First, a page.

Photo by Cheryl Hanna-Truscott, CNM: www.protectivecustody.org
"I’ve gone through a lot being here in prison. Early on when I first got here, I worried about a lot of things. One of them was, ‘Am I going to get to keep my baby?’"In the mid-1990s, I first heard about a new program at our state women’s prison that would allow non-violent, incarcerated pregnant women to maintain custody of their infants while serving short prison sentences. I was intrigued, never having given much thought to women convicts, let alone pregnant ones. Healthy maternal-infant attachment could be promoted during this critical time in a protective, supportive, and safe environment.
“Being in the Residential Parenting Program has just given me a second chance, you know? I didn’t really have a place to send my baby to. I was blessed to be able to keep my baby here and it just shows me that I have a second chance.”The program began in 1999, and in 2003, I asked if I could do a portrait photography project about the prison nursery. Even with my professional background as a nurse-midwife and expertise in child sexual abuse evaluations, I was surprised that administrators and mothers welcomed me. Prison is a closed, off-limits, censored, and locked-up environment. Prisoners are unseen, disenfranchised, and voiceless.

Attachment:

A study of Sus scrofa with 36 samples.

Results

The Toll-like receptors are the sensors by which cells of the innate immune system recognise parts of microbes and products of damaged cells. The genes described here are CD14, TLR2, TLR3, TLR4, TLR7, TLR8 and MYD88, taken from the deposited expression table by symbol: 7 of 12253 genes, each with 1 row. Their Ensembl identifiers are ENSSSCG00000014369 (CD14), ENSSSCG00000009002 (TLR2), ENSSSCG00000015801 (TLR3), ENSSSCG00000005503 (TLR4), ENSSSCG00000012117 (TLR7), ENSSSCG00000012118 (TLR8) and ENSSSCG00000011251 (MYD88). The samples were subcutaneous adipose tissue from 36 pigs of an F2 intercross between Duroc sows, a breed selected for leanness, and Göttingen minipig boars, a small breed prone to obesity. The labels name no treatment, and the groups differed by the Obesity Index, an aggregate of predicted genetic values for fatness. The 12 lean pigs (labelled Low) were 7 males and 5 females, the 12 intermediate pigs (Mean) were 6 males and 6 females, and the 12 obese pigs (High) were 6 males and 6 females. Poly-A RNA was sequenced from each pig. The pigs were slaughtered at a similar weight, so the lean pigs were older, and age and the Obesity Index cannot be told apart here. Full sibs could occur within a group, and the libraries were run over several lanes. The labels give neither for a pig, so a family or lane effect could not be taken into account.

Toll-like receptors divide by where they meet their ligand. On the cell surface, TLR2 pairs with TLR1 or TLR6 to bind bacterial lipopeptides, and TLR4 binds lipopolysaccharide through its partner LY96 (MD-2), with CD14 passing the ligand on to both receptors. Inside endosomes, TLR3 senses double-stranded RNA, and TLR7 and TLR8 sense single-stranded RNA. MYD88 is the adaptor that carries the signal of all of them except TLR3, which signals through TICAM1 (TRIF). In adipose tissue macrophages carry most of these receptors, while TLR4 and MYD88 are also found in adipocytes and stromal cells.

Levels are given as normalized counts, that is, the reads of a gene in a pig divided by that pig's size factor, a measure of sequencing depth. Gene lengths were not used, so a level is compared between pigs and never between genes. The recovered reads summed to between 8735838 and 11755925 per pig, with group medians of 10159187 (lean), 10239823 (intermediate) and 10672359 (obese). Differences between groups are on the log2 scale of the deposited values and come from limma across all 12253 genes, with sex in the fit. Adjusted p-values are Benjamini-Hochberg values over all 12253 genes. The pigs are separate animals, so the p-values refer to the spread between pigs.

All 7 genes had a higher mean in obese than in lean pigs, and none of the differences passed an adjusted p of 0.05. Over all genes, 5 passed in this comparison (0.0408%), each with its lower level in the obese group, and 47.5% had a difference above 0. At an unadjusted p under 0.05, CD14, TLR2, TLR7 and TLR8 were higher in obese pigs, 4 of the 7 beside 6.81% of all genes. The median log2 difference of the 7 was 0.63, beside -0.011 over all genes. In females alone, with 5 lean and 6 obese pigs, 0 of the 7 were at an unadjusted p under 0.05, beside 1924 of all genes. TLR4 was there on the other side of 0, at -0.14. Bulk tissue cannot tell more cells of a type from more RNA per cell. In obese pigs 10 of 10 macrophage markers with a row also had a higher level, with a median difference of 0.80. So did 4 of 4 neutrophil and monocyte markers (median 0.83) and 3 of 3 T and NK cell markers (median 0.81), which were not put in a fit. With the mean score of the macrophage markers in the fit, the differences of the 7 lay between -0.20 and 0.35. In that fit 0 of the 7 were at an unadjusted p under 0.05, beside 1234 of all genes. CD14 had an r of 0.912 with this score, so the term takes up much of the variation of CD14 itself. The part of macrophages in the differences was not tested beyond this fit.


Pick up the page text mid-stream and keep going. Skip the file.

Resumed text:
“Nobody I knew was with me when I gave birth. Nobody. But, gosh, the one officer was so great. I can’t think of her name…but, she, my gosh! I was leaning over the officer. I was slobbering, crying, and she didn’t care about her uniform. I wish I could think of her name so I could thank her.”When I began this work, I expected to find the unit crawling with researchers interested in promoting maternal-infant health in such a vulnerable population and was aghast at the paucity of available information. Today, my photography project continues; although it is anecdotal and personal, it validates conclusions of current research efforts made by: Dr. Mary Byrne, Marie-Celeste Weisenburg (PhD candidate from UW with pending participatory action research), Chandra Villaneuva with the Women’s Prison Association, and the National Women’s Law Center with the Rebecca Project for human rights.
There is a great need to focus more attention and resources to maternal-infant health issues among this growing population. Both prison-based nursery and community-based programs have a place in our public health and safety system. We midwives like to say that we change the world one baby at a time. Through my work, I know that midwives are also the best-qualified providers that can make a huge impact on empowering incarcerated women.